Head of household status can be extremely beneficial to taxpayers if they qualify. The two qualifiers – marital status and household expenses – must both be met in order to file your tax return using HOH. In order to determine your eligibility, read the following rules based off the qualifying factors:
You’re required to be unmarried, or considered unmarried by the IRS standards. The IRS rules for being unmarried are:
- As of December 31st, 2015, you are single.
- Your spouse became deceased before the tax year began. In these cases, you may consider filing as a qualifying widow(er), as it may result in greater tax savings. You are still considered married if your spouse died during the current tax year, and you can’t qualify for head of household, as you’ll need to file a joint return.
- A finalized decree exists as of December 31st 2015, in which you are legally divorced or separated.
- You and your spouse have lived separately for the final six months of the year. If you are responsible for the expenses for your household and dependent child, and your spouse had a different residence, you may be considered unmarried and therefore qualify for head of household. The child can be one of the following relationships: step-child, adopted child, or biological child.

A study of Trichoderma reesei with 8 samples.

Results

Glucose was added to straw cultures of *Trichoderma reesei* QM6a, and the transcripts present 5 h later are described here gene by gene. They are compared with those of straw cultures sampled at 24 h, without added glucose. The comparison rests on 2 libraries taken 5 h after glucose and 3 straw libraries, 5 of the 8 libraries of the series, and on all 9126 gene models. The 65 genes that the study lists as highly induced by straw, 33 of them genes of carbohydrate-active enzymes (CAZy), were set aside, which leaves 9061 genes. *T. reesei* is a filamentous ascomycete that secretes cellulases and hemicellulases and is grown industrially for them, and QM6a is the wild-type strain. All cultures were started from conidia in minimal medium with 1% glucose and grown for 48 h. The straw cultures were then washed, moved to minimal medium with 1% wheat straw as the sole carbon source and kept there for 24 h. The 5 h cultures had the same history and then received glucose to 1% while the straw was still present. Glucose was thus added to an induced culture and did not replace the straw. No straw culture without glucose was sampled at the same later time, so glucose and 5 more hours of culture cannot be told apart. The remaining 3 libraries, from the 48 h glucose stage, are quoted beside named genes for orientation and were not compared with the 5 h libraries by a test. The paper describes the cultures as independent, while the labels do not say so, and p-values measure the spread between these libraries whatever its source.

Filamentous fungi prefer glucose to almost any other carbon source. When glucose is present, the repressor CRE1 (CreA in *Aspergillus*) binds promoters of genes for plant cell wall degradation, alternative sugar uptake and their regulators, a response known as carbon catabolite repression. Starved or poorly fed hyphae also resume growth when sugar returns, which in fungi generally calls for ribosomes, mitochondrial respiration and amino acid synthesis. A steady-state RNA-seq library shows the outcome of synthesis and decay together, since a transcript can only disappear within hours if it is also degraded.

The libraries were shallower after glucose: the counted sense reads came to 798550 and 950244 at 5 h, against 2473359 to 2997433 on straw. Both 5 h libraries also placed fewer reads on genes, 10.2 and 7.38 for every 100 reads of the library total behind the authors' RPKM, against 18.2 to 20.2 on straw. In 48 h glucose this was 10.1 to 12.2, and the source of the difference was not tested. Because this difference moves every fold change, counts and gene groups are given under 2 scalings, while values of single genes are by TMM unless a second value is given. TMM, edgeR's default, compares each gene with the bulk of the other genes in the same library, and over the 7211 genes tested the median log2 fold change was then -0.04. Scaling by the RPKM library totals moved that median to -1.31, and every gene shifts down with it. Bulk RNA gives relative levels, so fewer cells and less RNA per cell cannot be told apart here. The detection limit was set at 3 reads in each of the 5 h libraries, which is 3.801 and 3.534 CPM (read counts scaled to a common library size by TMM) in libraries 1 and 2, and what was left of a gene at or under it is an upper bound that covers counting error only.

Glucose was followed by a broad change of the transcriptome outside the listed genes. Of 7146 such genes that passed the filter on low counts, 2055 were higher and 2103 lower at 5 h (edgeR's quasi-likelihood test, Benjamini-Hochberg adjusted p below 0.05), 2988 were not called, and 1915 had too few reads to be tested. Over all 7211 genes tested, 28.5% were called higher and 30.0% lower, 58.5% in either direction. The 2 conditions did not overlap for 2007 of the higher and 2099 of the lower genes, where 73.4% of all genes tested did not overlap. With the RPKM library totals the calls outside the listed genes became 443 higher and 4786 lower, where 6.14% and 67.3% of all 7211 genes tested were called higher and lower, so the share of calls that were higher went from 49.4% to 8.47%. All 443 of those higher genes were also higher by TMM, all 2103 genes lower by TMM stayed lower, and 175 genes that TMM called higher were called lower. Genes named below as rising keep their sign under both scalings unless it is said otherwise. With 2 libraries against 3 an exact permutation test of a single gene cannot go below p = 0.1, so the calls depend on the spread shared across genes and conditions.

Head of household filing status requires the taxpayer to have paid expenses amounting to more than 50% of the total cost of maintaining a household for themselves and a qualifying dependent.
- The dependent is any child or relative whom you can claim the dependency exemption for.
- The household you claim has to be your primary residence for yourself and the dependent, who is required to live there the entire year, unless they are your parent. Dependent parents do not have to reside in the same household, but you are still responsible for over 50% of their household expenses.
Included expenses range from rent, property taxes, mortgage and interest, and insurance, to utilities, maintenance fees and supplies such as groceries and necessities for the household.